Newly introduced bill would expand migratory bird protections

By Cassie Ferri

Bay-breasted warblers (Setophaga castanea) are one of 380 migratory bird species protected by Neotropical Migratory Bird Conservation Act programs. Credit: Andy Reago and Chrissy McClarren

A new bill introduced to the U.S. Senate would reauthorize and expand migratory bird conservation programs funded by the Neotropical Migratory Bird Conservation Act.

The Migratory Birds of the Americas Conservation Enhancements Act (S.4187), introduced by Senators Ben Cardin (D-Md.) and Rob Portman (R-Ohio), aims to improve upon the migratory bird protection programs and funding established by the Neotropical Migratory Bird Conservation Act (NMBCA).

The NMBCA provides grants to domestic and international entities throughout the United States, Canada, Latin America and the Caribbean for migratory bird conservation projects. Nonfederal partners match grant requests by a 3:1 ratio—for every dollar spent by the U.S. government, a partner organization contributes at least three additional dollars. These NMBCA grants support projects on research and monitoring, law enforcement, community outreach and education, and the management, protection, and restoration of bird populations and habitat.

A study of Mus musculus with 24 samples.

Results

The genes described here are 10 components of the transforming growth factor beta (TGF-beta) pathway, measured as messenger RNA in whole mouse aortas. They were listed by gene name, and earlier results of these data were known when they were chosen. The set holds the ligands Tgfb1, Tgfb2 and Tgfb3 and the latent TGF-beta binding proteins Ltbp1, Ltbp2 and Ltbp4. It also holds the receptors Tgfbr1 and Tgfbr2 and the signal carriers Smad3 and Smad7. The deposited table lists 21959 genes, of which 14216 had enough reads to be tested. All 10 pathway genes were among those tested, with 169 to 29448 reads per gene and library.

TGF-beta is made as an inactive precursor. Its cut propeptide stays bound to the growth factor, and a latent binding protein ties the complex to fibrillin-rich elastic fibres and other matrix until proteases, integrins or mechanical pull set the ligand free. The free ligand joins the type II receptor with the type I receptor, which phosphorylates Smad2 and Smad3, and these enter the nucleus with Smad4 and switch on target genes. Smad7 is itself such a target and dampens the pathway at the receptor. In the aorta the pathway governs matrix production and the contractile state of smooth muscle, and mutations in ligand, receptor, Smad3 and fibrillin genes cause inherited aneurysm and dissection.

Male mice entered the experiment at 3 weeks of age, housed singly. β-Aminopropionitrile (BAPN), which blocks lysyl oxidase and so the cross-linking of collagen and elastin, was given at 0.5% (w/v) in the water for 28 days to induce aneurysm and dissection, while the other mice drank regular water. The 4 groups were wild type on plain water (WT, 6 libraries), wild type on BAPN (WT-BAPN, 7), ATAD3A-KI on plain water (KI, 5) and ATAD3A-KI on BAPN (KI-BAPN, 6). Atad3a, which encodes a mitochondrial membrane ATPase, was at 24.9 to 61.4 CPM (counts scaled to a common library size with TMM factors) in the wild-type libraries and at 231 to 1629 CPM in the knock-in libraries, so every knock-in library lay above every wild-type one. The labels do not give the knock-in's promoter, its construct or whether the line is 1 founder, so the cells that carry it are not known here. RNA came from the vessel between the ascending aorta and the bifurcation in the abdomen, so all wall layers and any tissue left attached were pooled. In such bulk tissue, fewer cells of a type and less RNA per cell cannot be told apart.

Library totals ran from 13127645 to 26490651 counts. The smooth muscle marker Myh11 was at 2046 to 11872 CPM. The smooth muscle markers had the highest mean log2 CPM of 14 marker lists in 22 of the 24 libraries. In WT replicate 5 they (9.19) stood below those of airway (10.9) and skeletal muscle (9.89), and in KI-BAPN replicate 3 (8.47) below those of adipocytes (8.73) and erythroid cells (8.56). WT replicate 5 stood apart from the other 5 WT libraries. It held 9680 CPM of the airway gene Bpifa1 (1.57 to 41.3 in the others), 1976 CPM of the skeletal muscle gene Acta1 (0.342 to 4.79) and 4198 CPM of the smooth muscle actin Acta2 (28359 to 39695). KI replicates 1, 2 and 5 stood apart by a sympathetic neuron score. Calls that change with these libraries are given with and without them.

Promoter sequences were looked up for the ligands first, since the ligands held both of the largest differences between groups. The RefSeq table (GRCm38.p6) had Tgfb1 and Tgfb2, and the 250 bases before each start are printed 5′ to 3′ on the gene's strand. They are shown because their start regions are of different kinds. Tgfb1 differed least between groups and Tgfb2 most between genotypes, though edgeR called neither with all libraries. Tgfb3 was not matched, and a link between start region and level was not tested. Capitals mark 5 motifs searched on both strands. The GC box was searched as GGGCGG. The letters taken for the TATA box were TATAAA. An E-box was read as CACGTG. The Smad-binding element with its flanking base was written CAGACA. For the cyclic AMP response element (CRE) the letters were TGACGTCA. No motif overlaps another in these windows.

The bill, S. 4187, proposes lowering the required cost-sharing for grant recipients from 3:1 to 2:1, making conservation programs more accessible to smaller organizations. It would also increase the amount of funding that can be provided to the program annually from $6.5 million to more than $20 million.

Recent studies have found that neotropical migratory bird species populations are facing escalating anthropogenic threats like light pollution, habitat loss, urbanization, invasive species and more.

“Migratory birds play a crucial role in our ecosystems, our agriculture, and our national and local cultures,” said Senator Cardin in a press release. “The programs funded by the Neotropical Migratory Bird Conservation Act have a consistent track record of success in helping to sustain populations of migratory birds that face threats to their health and habitats. The reauthorization of this bill marks our continued commitment to improving our environment and investing in the flora and fauna that help our communities grow and thrive.”